Anaphylaxis Added To Asthma Drug Carry Law in New York

Anaphylaxis Added To Asthma Drug Carry Law in New York

epinephrineThe nonprofit patient education and advocacy organization Allergy & Asthma Network recently praised the decision of New York Governor Andrew Cuomo for signing into law new legislation that will allow students who suffer from anaphylaxis — life-threatening and severe allergic reactions — to carry life-saving drugs with them in school. Similar to asthma medications, patients can now carry their medication without breaking the law.

The Assembly Bill A9334B/Senate Bill S7758, which was recently signed by Gov. Cuomo, makes New York the 50th US state to enable students to self-carry and administer prescribed epinephrine auto-injectors, while they are in school. Epinephrine is the first-line treatment for anaphylaxis, which is most commonly triggered by allergy to food, insect venom or latex. This new right is similar to the right to carry asthma medications for patients who are prescribed it, as bronchodilator inhalers.

“This legislation is a significant milestone in the national movement to protect students with asthma and life-threatening allergies at school,” said the president and CEO of Allergy & Asthma Network, Tonya Winders. “We applaud the many parents, students, volunteers, legislators and community activists who worked tirelessly to support self-carry laws in all 50 states.”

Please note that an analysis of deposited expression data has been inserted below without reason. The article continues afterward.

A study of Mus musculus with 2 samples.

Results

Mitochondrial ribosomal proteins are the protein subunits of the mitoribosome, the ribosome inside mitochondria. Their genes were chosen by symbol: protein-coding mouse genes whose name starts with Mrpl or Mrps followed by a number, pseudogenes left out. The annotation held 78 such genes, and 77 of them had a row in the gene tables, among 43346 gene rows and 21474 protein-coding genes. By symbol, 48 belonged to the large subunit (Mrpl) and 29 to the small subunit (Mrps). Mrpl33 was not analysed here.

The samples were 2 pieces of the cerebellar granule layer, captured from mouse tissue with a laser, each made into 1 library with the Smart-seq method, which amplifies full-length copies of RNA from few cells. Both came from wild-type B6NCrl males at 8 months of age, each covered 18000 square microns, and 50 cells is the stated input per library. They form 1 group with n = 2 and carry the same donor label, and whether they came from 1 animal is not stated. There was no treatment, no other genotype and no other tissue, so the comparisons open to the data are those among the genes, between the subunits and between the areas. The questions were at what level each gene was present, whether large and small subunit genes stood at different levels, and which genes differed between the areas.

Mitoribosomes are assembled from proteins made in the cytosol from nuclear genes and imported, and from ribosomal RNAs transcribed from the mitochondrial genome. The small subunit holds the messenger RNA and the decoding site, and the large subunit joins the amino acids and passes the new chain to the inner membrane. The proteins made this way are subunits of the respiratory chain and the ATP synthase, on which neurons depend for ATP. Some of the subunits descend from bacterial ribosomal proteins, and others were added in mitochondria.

The organization has been working for ten years to advocate the inclusion of the rights of self-carrying medication for anaphylaxis and asthma nationwide. The Allergy & Asthma Network works in collaboration with stakeholder groups and volunteer advocates, as well as being supported by federal legislation. These efforts recently led to the approval to carry and use bronchodilator inhalers and epinephrine auto-injectors in schools across all 50 states.


“These laws will help save the lives of children who experience an anaphylactic reaction for the first time at school, or don’t have epinephrine auto-injectors readily available when anaphylaxis occurs,” said Jon Terry, the founder of the Allergy Advocacy Association and Anaphylaxis Community Experts (ACE) volunteer from Brockport, New York. “We are thankful for Governor Cuomo’s support. The leadership of state legislators Thomas Abinanti, Catherine Nolan, John J. Flanagan and Kemp Hannon in a bipartisan effort made the difference in achieving passage this year.”